The staffing industry has deep roots in manufacturing, stretching back to the post-WWII period when the industry began to take shape. Today, manufacturing accounts for roughly 40% of staffing revenue in the US industrial staffing skill segment, or $12.2 billion in 2014 by our estimates, and thus remains a core industry vertical for industrial staffing. This translates to more than a million industrial workers on assignment on any given workday, in production, warehouse or skilled trades roles. If we include all skill segments of staffing — IT, finance/accounting, office/ clerical, etc. — we estimate the manufacturing sector spends more than $20 billion annually on staffing services. Here are current trends in the manufacturing sector, and four industries that offer attractive opportunities for staffing companies.

Strong dollar headwind. Contrary to long-term trends, the US manufacturing sector has been adding jobs over the past five years, prompting some observers in 2014 to declare a “manufacturing renaissance” in light of investments in new factories, including a new wave of hightech “advanced manufacturing” plants. However, year-over-year job growth in manufacturing decelerated throughout 2015 and ground to a halt at the start of 2016, with job levels stuck at 12.3 million, even as the overall US economy continues to add jobs.

In addition to uncertainty in the US economy, the abrupt rise in the value of the dollar versus other currencies has arguably been one of the biggest headwinds for US manufacturing, or at least for firms with overseas customers. Not only does the strong dollar make US exports less attractive to foreign buyers, causing production and revenue pullbacks, but it increases the cost advantages of moving production offshore, eliminating manufacturing jobs. As shown in the graph, the US dollar rose roughly 25% from 2014 to the start of this year, although still remains within its historical range of the past two decades. The continuing economic weakness in Europe, Asia/Pacific, and emerging markets means that a strong dollar could be here for the near term.

Given this economic backdrop, we take a closer look at four US manufacturing industries that are growing and offer attractive opportunities.

1. Motor vehicles and parts manufacturing. The motor vehicle and parts industry had another banner year in 2015, and ended the period with 918,000 jobs, representing 7.4% of all manufacturing jobs and 2.9% growth in jobs, as shown in the table. The auto industry was aided by pent-up demand from consumers who had put off new car purchases during the last recession and subsequent tepid recovery. In addition, new car interest was boosted by infotainment features such as built-in navigation, telephone and music capabilities. Due to complex and time-sensitive supply chains, the motor vehicle and parts industry has relied on staffing firms as key suppliers. The strong streak of growth has some observers calling the cycle at its peak. For example, more than $100 billion in subprime auto loans were issued in 2015, highlighting the amount of debt that is fueling purchases. Nevertheless, the current cycle has proved the success of automakers in the U.S.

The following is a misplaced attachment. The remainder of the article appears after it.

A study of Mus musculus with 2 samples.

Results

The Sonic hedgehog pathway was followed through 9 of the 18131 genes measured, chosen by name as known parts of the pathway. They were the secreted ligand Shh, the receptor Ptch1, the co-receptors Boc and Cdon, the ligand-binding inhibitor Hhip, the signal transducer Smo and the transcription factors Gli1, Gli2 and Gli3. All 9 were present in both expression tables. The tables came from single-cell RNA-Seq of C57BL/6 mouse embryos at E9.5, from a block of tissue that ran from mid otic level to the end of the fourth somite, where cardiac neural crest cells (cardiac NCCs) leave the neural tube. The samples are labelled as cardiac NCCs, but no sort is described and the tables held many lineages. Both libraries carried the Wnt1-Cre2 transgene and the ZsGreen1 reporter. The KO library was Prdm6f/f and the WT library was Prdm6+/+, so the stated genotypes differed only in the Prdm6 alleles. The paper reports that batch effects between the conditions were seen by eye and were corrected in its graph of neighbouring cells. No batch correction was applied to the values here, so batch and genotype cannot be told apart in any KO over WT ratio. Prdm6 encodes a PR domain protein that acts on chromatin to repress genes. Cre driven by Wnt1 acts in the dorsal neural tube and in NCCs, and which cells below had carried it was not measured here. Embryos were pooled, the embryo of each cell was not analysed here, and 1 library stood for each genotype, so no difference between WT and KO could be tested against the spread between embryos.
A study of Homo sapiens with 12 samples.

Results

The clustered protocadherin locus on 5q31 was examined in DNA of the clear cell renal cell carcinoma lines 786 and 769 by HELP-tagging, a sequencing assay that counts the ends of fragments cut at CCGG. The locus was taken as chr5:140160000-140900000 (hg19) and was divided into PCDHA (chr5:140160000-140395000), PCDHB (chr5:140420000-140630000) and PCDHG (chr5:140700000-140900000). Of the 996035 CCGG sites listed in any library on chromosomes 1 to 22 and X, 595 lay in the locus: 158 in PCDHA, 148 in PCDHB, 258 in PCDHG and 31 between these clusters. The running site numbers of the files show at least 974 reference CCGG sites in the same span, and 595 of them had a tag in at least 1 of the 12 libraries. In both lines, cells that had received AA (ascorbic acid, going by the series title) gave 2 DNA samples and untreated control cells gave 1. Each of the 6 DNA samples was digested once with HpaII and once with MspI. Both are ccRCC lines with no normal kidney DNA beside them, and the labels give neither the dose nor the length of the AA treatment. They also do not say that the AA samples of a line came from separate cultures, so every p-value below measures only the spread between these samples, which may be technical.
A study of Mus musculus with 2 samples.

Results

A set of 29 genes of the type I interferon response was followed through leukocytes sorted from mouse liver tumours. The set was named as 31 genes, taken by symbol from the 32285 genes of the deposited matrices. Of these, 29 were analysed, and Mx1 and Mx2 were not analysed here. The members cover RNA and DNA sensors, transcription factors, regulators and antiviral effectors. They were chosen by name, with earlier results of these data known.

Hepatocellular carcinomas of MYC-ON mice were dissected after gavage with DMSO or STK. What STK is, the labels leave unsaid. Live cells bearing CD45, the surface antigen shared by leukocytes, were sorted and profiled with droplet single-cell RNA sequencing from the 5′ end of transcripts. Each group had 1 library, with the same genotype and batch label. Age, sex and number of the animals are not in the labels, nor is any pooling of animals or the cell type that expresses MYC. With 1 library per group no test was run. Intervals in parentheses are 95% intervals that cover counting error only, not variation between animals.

2. Food manufacturing. Food manufacturing is one of the largest manufacturing industries, accounting for 1.5 million jobs at the end of 2015. Job growth has been modest at a 1.4% year-over-year pace. Staffing agencies offer a strong value proposition to this sector where agricultural deliveries are variable and speed-to-market is critical (or else the product spoils.) In addition, as many food manufacturers primarily serve the domestic market, the industry is less subject to offshoring of jobs. Growth is also being fueled by consumer shifts toward organic and locally grown food products. Retail and commercial bakeries were a particular bright spot, accounting for 230,000 jobs, and reporting 3% job growth.


3. Furniture manufacturing. Furniture manufacturing is a sector smaller than motor vehicles or food, but still accounted for a sizeable 387,000 jobs at end of last year, and an above-average job growth rate of 3.1%. Furniture sales have been boosted by rising disposable incomes and significant recovery in home sales. Similar to motor vehicles and food manufacturing which get much of their sales from the domestic economy, furniture makers have benefited from the strong dollar which has reduced raw material costs but not hurt sales. New products, for example mattresses containing technology features, have contributed to growth.

4. Breweries and wineries. Employment in the breweries and wineries industry (a segment of beverage manufacturing) has surged 15% over the past year to reach 127,000 jobs, by far the fastest job growth of any manufacturing industry with more than 100,000 jobs. Industry growth has been driven by rising disposable incomes, evolving consumer tastes for craft beers and wines, and the removal of some legal barriers that prohibited sales of alcohol across state lines. The brisk job growth in this sector suggests an opportunity for staffing firms.